Meniere's Disease: Symptoms & Signs

  • Medical Author:
    Melissa Conrad Stöppler, MD

    Melissa Conrad Stöppler, MD, is a U.S. board-certified Anatomic Pathologist with subspecialty training in the fields of Experimental and Molecular Pathology. Dr. Stöppler's educational background includes a BA with Highest Distinction from the University of Virginia and an MD from the University of North Carolina. She completed residency training in Anatomic Pathology at Georgetown University followed by subspecialty fellowship training in molecular diagnostics and experimental pathology.

Medically Reviewed on 5/22/2017

Excess pressure in the inner ear results in the typical symptoms of Ménière's disease. These include

The vertigo may cause nausea and vomiting. The hearing loss may worsen over time. Other symptoms that may occur include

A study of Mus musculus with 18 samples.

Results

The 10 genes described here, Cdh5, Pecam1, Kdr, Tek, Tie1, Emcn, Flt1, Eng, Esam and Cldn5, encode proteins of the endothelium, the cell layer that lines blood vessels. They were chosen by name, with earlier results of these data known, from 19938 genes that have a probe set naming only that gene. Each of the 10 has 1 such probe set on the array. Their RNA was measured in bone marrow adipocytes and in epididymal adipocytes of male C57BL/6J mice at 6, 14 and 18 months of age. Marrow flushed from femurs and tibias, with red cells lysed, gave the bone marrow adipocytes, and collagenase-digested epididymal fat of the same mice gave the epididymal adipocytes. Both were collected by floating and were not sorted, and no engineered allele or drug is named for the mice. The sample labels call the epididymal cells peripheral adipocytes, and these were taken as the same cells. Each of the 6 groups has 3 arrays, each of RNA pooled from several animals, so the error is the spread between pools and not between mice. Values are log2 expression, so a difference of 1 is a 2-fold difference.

The severity and frequency of the symptoms is variable among affected people. Between attacks or episodes, patients are free of symptoms. Attacks can be accompanied by anxiety, blurred vision, jerking eye movements, palpitations, fast heart rate, diarrhea, and trembling.

Causes of Ménière's disease

The exact cause of Ménière's disease is unknown, but it is believed to occur due to an abnormality in the fluid in the inner ear, either an abnormal amount or composition of the fluid in the inner ear.

REFERENCE:

Li, John C. "Meniere Disease (Idiopathic Endolymphatic Hydrops)." Medscape.com. Nov. 29, 2016. <http://emedicine.medscape.com/article/1159069-overview>.

Medically Reviewed by a Doctor on 5/22/2017

Subscribe to MedicineNet's General Health Newsletter

By clicking Submit, I agree to the MedicineNet's Terms & Conditions & Privacy Policy and understand that I may opt out of MedicineNet's subscriptions at any time.